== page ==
Protein consumption goes hand in hand with exercise and your diet. So inextricably linked are they that if you buy any type of exercise equipment, you have to give the code word “protein” before they’ll take your money at the register. Trainers have to tell you to eat or drink protein otherwise they get decertified. Fitness magazines have to stress the importance of dietary protein, usually in advertisement form, otherwise they go belly up. While I might be exaggerating a little, it’s an understatement to say that protein is important stuff to anyone pursuing physical fitness. The question that you might have is: “Why?”
Proteins are polymer chains made of amino acids linked together by peptide bonds. To avoid putting you in a science-induced coma, I will just tell you that protein is a nutrient needed by the body for growth and maintenance. Water aside, protein is the most abundant molecule in the body. Not only is protein found in every cell; it is the major structural component, especially muscle cells. Proteins are the precursor to nucleic acid, as in DNA and RNA, and vitamins. They form hormones and enzymes that help regulate metabolism, support the immune system, and help form blood cells. Proteins are incredibly important when it comes to exercise because the building blocks of proteins, amino acids, are used for building new muscle tissue, as well as repairing damaged tissues. Proteins also provide fuel for performance output, but the amount of fuel provided is largely dependent upon the type and amount of carbohydrate consumed. It should also be noted that if a person fails to take in enough energy via their regular diet, the body will use protein from muscle mass to meet the energy needs, which could ultimately lead to muscle wasting.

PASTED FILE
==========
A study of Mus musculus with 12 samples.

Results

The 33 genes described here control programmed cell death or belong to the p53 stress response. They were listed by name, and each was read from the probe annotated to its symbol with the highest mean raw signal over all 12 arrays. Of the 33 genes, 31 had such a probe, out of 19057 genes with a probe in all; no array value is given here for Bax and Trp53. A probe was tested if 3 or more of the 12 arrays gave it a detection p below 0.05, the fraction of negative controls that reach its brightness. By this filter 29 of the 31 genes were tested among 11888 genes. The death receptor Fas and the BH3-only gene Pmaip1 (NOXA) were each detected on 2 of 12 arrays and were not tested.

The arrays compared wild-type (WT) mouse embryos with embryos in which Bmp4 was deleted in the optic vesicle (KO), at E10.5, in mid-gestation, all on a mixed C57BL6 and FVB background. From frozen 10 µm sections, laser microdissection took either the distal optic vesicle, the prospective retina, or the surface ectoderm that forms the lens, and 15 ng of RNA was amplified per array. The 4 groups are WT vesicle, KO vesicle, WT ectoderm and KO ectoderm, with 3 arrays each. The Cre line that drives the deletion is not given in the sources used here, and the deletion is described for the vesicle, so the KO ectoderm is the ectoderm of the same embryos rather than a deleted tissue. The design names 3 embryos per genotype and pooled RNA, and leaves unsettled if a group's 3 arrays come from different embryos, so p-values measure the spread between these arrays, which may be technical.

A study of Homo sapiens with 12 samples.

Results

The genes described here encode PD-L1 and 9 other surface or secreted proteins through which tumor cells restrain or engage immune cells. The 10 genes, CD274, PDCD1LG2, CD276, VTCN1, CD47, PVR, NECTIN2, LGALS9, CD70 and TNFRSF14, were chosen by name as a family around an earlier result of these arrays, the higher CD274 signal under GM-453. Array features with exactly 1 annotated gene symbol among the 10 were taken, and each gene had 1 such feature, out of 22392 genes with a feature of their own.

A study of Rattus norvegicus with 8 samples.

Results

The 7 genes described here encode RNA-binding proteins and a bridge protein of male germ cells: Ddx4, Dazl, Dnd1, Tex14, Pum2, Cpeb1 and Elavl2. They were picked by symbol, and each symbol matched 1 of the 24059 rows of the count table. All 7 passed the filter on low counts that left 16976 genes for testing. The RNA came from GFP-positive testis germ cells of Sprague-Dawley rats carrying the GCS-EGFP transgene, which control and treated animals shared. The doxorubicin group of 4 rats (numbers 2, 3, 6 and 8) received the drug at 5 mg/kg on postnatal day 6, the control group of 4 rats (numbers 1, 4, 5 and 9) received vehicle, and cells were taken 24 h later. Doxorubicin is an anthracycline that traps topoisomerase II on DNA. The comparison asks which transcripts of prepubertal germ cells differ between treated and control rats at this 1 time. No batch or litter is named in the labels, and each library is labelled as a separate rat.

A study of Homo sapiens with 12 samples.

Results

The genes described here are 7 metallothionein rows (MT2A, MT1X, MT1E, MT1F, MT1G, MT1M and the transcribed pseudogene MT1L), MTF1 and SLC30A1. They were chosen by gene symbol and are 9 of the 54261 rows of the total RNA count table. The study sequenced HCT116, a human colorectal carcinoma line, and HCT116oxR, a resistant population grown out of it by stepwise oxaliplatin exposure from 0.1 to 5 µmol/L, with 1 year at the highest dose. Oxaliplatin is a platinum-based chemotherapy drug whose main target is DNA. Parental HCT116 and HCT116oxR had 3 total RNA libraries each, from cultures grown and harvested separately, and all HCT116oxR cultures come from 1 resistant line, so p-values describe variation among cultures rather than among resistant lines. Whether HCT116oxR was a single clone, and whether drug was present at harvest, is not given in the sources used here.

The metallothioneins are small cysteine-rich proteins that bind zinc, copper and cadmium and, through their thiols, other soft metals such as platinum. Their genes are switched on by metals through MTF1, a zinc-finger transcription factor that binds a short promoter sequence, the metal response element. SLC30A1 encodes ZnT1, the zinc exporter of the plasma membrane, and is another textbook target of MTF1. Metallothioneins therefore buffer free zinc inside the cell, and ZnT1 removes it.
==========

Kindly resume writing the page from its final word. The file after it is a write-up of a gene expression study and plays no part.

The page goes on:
How much protein does the body need? The reality is that there are a lot of variables that feed into this answer. It’s affected by body weight and composition, physical activity level, energy and carbohydrate intake, and the presence of injury or illness. It is also affected by your fitness goals and pursuits. Someone who strength trains will require more protein than someone into endurance activities, such as jogging. The Institute of Medicine recommends that adults consume a minimum of 0.36 grams of protein per pound of body weight per day. For example, a 160-pound person should get around 58 grams of protein. For those who strength train, some research has shown 0.77-0.82 grams per pound of body weight to be effective. Other research has shown 0.63-0.82 grams per pound of body weight to be effective. The scary thing is that there are a lot of web sites out there pushing 1.5-2 grams per pound of body weight, and excess protein consumption is not risk-free.
Risks associated with excess protein consumption are fat production (when intake exceeds actual caloric and protein need), calcium depletion, and a drastically increased risk of kidney stones. It should be noted that calcium depletion can be offset with regular calcium intake.
For an excellent list of protein sources, click here.
As always, be informed, and be healthy!